Eurozone bonds steady as market awaits second US rate cut of year


Spanish bonds were steady, brushing off news that Spain will hold its fourth election in four years on November 10, after rival parties failed to break a months-long impasse in a deeply fragmented parliament.

In early trade, most 10-year bond yields in the eurozone held below six-week highs reached after Thursday’s European Central Bank meeting.

After last week’s ECB rate cut and stimulus package, the Fed is widely expected to lower its target rate by 25 basis points, to between 1.75 and two percent.

A divided Fed is facing pressure from the White House for steep interest rate cuts and an unexpected jump in overnight borrowing costs.

The cost for banks and Wall Street dealers to borrow dollars in the overnight repurchase agreement market rose as high as 10 percent on Tuesday. It fell after the New York Federal Reserve said it would conduct a repurchase operation to lower the funding costs.

“Everyone knows a rate cut is expected, but we’ll be looking at the statement and the dot plot,” said Pooja Kumra, European rates strategist at TD Securities in London, referring to where policymakers expect rates to be in the future.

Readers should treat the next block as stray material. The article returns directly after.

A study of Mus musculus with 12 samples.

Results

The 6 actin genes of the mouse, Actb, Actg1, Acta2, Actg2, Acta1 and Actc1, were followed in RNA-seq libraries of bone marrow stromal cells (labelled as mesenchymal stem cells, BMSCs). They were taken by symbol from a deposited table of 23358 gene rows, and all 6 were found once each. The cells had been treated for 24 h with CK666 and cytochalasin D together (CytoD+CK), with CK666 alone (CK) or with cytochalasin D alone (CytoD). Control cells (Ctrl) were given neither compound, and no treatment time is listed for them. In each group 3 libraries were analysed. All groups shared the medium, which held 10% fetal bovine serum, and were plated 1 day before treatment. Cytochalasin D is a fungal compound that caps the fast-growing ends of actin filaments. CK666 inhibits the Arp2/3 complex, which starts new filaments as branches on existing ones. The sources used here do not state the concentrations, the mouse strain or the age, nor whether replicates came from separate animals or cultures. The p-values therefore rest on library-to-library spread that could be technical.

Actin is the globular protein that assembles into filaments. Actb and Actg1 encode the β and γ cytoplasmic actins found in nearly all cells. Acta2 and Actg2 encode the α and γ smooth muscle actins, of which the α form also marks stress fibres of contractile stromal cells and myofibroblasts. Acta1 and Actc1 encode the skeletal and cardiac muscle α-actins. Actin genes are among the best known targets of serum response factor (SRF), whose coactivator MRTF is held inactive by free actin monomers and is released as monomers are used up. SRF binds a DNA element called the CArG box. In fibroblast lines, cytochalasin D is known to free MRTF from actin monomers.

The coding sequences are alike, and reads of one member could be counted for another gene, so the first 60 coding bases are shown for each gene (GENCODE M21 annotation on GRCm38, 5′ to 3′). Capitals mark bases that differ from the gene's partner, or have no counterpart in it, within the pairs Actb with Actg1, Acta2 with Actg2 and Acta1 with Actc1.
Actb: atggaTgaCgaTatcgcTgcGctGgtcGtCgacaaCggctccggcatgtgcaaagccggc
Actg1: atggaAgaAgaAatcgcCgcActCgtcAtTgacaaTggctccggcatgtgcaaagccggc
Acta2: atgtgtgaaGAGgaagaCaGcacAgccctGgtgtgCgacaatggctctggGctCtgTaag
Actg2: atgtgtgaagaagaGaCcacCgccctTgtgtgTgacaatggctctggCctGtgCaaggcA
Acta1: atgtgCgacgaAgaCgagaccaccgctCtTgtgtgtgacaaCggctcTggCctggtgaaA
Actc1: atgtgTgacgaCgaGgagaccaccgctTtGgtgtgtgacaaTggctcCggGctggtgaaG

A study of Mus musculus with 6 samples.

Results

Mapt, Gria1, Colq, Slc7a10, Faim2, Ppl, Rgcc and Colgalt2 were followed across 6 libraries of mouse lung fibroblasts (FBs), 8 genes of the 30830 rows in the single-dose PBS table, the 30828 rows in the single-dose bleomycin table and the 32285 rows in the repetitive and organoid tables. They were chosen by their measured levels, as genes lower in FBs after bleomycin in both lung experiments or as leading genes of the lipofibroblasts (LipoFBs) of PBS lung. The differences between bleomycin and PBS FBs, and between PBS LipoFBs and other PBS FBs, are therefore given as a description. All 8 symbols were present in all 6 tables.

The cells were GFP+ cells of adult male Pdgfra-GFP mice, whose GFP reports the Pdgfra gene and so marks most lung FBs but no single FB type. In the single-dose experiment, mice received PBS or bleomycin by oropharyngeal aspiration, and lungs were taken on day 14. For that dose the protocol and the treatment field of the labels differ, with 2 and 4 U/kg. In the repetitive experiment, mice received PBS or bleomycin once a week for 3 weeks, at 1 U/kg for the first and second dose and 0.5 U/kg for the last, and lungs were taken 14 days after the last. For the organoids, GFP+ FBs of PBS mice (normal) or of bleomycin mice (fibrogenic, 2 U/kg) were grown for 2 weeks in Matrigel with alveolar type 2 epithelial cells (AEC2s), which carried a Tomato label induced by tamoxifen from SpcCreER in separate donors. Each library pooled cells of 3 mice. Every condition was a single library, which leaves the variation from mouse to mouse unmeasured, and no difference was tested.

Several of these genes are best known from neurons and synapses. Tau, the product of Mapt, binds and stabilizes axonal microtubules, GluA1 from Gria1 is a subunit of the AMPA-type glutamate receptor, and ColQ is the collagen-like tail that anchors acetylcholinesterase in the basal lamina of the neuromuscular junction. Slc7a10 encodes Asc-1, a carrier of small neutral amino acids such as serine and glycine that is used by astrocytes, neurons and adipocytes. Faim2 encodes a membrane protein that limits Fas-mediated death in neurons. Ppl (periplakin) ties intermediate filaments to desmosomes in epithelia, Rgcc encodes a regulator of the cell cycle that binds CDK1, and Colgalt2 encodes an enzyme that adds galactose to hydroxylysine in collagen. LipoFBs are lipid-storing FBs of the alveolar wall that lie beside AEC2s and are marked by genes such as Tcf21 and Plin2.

“There will also be a lot of focus on what the Fed says about the short-term funding squeeze.”

Germany’s benchmark 10-year bond yield was little changed at -0.48 percent, below last week’s six-week high of -0.43 percent.

Spain’s 10-year bond yield was also steady, trading at 0.29 percent, after news that new elections will be held. The country has been in political limbo since Socialists emerged as the biggest party in April’s parliamentary elections but without enough seats to govern on their own.

Analysts said the prospect of a new round of ECB asset purchases offset the political uncertainty. The ECB announced open-ended asset purchases last week to boost growth and inflation.

There was some focus on Germany, which sells 30-year bonds later this session after a weak sale of longer-dated bonds last month.

“The recent rise in long-term yields might make the Bund more attractive to investors, also in light of the new round of QE (quantitative easing),” UniCredit analysts said in a note.